Low Fat Diet May Reduce the Risk of Breast Cancer Recurrence

Low Fat Diet May Reduce the Risk of Breast Cancer Recurrence

A recent presentation at the 2005 annual meeting of the American Society of Clinical Oncology revealed that a low fat diet for patients with early breast cancer may reduce the risk of a recurrence.

Breast cancer is a malignancy associated with the tissues of the breast. Early breast cancer refers to cancer that has not spread outside the breast. There are many factors that may contribute to a woman’s risk of developing breast cancer, including age, health history, genetic changes and hormone use. The association between diet and cancer continues to be studied extensively, although no firm understanding of the link has been well established.

Researchers conducted a multi-center study to evaluate the association between dietary interventions and possible outcomes for women with breast cancer. The study included 2,500 postmenopausal women diagnosed with early breast cancer that had been treated with standard treatment approaches including surgery, radiation, chemotherapy and hormone therapy. The women were each randomized to either strict diets that were mediated by nutritionists and counselors or no diet guidelines.

After 5 years of follow-up, the women who underwent the strict diet intervention had significantly reduced the fat in their diets when compared to the women who had no diet intervention. Overall, there was a 24% risk reduction in the relapse rate among the patients who had undergone the dietary intervention. Additionally, disease-free survival was improved by 20% in the patients who received the dietary intervention. Women with hormone-negative breast cancer appear to have gained the most benefit from the low-fat diet.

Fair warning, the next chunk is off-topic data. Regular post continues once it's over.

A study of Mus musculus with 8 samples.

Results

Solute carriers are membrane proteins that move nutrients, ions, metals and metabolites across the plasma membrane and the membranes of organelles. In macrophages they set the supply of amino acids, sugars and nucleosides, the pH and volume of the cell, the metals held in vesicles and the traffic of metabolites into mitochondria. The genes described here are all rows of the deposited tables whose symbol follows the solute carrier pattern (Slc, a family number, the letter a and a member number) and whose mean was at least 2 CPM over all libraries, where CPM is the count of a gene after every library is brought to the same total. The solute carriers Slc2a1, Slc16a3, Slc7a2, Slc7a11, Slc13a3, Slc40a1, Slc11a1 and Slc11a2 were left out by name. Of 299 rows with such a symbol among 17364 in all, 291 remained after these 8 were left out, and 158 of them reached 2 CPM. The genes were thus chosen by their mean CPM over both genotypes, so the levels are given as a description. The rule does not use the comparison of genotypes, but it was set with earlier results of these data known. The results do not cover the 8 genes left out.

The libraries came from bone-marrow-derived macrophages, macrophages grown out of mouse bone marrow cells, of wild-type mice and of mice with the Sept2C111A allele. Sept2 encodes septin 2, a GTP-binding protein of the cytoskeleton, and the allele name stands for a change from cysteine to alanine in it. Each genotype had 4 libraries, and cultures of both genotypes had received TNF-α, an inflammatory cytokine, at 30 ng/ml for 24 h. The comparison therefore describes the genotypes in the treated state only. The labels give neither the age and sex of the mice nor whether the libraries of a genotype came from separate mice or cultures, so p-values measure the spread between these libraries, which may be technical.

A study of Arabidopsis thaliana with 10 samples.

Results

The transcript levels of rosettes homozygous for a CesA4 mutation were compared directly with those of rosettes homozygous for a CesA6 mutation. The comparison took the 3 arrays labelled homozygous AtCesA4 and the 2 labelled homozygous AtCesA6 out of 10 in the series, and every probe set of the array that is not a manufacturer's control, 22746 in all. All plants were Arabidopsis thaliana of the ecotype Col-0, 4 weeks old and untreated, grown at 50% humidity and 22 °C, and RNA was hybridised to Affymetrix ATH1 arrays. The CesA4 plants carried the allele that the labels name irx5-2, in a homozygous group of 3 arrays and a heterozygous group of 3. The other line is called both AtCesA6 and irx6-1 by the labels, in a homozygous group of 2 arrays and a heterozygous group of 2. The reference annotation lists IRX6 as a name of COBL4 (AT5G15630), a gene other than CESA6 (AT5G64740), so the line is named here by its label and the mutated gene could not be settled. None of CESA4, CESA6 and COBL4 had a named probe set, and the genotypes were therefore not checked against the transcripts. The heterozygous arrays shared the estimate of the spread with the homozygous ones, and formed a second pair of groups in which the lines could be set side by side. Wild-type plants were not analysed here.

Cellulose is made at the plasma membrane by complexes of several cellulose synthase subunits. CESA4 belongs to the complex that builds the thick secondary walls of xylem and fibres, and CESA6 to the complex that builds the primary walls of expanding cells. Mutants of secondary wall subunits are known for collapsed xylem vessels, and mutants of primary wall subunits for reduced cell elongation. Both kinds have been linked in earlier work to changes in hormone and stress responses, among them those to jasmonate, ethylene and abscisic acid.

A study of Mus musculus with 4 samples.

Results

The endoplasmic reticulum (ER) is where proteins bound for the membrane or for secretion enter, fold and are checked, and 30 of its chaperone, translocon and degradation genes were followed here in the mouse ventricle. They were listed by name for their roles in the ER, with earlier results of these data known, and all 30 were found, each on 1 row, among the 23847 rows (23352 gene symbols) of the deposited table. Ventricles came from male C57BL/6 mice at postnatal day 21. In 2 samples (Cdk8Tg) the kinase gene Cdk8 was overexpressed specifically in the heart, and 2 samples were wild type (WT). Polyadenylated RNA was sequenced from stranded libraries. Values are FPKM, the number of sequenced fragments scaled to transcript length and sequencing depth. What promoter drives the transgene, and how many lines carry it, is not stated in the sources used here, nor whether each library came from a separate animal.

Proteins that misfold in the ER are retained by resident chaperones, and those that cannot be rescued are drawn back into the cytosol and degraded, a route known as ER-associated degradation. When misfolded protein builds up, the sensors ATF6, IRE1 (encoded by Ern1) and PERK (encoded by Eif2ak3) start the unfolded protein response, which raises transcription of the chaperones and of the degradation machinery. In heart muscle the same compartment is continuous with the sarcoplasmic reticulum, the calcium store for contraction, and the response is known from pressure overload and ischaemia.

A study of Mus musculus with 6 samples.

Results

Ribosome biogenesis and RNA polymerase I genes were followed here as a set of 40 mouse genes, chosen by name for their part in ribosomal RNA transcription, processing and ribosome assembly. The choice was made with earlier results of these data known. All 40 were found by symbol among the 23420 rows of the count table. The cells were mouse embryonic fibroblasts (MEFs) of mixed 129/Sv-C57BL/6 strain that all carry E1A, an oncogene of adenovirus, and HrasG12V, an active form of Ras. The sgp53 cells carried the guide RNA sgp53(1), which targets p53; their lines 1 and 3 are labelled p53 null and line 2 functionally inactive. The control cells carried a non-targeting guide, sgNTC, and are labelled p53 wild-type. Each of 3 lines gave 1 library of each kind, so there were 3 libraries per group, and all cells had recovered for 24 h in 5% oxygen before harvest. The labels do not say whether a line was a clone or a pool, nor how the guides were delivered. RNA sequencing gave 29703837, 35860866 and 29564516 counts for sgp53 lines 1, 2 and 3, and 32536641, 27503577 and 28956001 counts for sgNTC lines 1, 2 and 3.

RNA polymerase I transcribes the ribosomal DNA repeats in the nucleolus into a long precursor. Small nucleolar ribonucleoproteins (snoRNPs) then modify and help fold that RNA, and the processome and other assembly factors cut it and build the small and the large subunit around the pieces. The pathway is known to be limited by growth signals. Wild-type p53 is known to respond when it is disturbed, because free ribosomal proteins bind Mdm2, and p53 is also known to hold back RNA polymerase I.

Researchers concluded that the results of this study indicate that postmenopausal women with early breast cancer may significantly reduce their risk of recurrence with a reduced fat diet. Although further studies will be needed to confirm these finding, the results of this large study may shed some light on the role of diet and cancer.

Reference: Chlebowski R, Blackburn G, Elashoff R, et al. Dietary fat reduction in postmenopausal women with primary breast cancer: Phase III Women’s Intervention Nutrition Study (WINS). Proceedings from the 2005 annual meeting of the American Society of Clinical Oncology (ASC). Presented May 16, 2005 at a plenary session. Abstract #10.